Chinese companies are preparing for adjustment and innovation to navigate these new constraints in response to the shortage and rising prices of the earlier chips, the H800 and A800.

Chinese technology leaders like Alibaba Group Holding and Holdings face challenges due to the recent US restrictions on AI chip exports. Their CEOs have disclosed the potential effects on their computing operations in third-quarter earnings. Specifically, these controls hinder the sale of advanced semiconductors and chip-making equipment to China, impacting the core technology needs of these firms.

Alibaba, an e-commerce giant, announced the cancellation of a full spin-off of its cloud computing unit. This decision reflects the uncertainties brought about by the US's stringent rules on certain AI chips. Tencent, known for its stronghold in social media and video gaming, also expressed concerns over the constraints these restrictions impose on their cloud services, specifically in leasing AI chips to customers.

Strategies to overcome the restrictions

Both Alibaba and Tencent are proactively seeking ways to mitigate the impact of these controls on their business growth. Alibaba's CEO, Eddie Wu Yongming, mentioned that they would diversify their chip sources and shift towards using a variety of graphics processing units (GPUs) instead of relying solely on central processing units.

Tencent's president, Martin Lau Chi-ping, revealed that Tencent has amassed one of China's largest AI chip inventories, including Nvidia's H800 GPUs, tailored explicitly for the Chinese market. However, exports of these chips have been banned under the new US regulations. Lau indicated that Tencent would optimise the use of its AI chip supply by reallocating tasks to different performance-level chips.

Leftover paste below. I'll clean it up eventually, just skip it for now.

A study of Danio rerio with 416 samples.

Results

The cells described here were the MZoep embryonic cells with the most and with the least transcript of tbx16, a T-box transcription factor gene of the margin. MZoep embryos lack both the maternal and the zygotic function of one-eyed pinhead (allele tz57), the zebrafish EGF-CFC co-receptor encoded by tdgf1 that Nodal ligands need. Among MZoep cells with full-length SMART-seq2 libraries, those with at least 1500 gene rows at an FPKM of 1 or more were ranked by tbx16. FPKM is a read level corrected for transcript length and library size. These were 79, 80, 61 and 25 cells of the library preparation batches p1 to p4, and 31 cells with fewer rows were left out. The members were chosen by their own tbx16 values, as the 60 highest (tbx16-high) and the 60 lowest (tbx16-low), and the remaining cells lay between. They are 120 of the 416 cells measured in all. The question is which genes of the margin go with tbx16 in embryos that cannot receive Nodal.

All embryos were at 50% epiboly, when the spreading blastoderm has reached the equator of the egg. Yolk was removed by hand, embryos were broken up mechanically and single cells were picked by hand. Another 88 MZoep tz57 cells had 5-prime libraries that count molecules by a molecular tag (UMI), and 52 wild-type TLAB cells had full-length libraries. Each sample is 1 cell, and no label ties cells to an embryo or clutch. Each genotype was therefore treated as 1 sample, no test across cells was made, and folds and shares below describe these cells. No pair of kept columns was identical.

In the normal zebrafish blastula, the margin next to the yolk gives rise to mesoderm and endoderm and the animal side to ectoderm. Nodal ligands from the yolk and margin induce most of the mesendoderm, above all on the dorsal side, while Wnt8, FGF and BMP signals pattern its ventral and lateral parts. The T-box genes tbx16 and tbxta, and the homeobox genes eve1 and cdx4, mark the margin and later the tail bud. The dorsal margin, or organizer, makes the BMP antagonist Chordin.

Broader impact and future outlook

The tightening of US export controls follows Huawei Technologies' release of a 7-nanometre processor for its latest 5G handset. This development, alongside China's aggressive pursuit of AI technologies, including its own versions of ChatGPT-like services, has prompted the US to implement more stringent rules.

The future appears challenging for China's AI industry due to these restrictions. Analysts predict a significant slowdown in China's development of large AI models. Additionally, the demand for high-end AI servers from Chinese tech giants is expected to decrease, affecting global market shares.

Despite these challenges, Chinese cloud service providers are likely to hasten their efforts in stockpiling and developing independent AI chips. Concurrently, US GPU suppliers, such as Nvidia and Advanced Micro Devices, adapt by introducing products compliant with the new regulations. Nvidia has already developed three new data-centre GPUs for the Chinese market, with the first shipment anticipated by the year's end.

Nurin Sofia
Nurin Sofia is a news editor at Tech Edition. Her interest is in technology and startups, occasionally crunching news for gaming. Sofia enjoys playing video games, going on bike rides, and gardening when she isn't behind a keyboard.